Stranded Drivers Rescued in Southern Minnesota
MINNEAPOLIS (AP) — Authorities have rescued dozens of people stranded by a blizzard that howled across southern Minnesota and dumped about a foot of snow in some places. In east-central Wisconsin, one person was killed and several others injured Sunday in an interstate pileup during whiteout conditions.
The Minnesota National Guard rescued 30 people in Freeborn County on Saturday night, Minnesota Homeland Security and Emergency Management said in a tweet. Sheriff's deputies rescued an additional 20 people.
Forty-eight people were sheltered at a Guard armory in Albert Lea, near the Minnesota-Iowa border, while the Owatonna armory housed 24 people stranded by the blizzard.
Gov. Tim Walz declared a state of emergency late Saturday and ordered the Guard to help stranded motorists in Freeborn and Steele counties. Conditions were so bad in southern Minnesota on Sunday that state Homeland Security and Emergency Management Director Joe Kelly urged residents to either stay home or if they are stranded on the road, to stay in their vehicle and wait for help.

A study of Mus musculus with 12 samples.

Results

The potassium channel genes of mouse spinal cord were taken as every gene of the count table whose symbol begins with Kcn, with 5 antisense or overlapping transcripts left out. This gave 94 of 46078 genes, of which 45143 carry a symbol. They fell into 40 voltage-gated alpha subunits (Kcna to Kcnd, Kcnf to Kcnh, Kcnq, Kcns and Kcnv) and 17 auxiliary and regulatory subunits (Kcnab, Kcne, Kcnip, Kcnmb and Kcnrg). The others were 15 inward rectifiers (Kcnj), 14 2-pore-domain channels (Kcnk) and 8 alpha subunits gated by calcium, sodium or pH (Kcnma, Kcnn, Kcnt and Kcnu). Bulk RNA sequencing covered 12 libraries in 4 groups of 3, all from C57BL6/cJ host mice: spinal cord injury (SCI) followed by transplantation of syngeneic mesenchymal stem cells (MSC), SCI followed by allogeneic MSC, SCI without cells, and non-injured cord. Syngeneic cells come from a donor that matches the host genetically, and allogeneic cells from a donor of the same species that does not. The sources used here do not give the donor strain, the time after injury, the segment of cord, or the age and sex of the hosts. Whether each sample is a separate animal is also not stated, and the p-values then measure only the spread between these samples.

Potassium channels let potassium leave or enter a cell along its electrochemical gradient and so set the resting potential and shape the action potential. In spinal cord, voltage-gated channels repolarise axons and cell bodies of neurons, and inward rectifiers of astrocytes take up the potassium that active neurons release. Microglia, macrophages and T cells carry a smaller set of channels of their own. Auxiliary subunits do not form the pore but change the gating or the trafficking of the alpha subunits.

The Minnesota Department of Transportation said Interstate 35 is closed from Owatonna to the Iowa border and I-90 is closed from Dexter in Mower County west, due to poor driving conditions with blowing and drifting snow. Many other highways in southeastern Minnesota were closed Sunday morning.
The National Weather Service reported 13 inches (33 centimeters) of snow in Kasson, 11.5 inches (29 centimeters) in Albert Lea and 11 inches (27.9 centimeters) in Ellendale.
In Wisconsin, one person was killed and several others injured and taken to hospitals Sunday in a pileup amid whiteout conditions on southbound Interstate 41 that involved more than 40 vehicles, the Winnebago County Sheriff's Office and Department of Transportation said.
North Dakota transportation officials closed I-29 in both the northbound and southbound lanes from Grand Forks to the Canadian border on Sunday because of blowing snow, which was creating icy road conditions, areas of zero visibility and life-threatening driving conditions.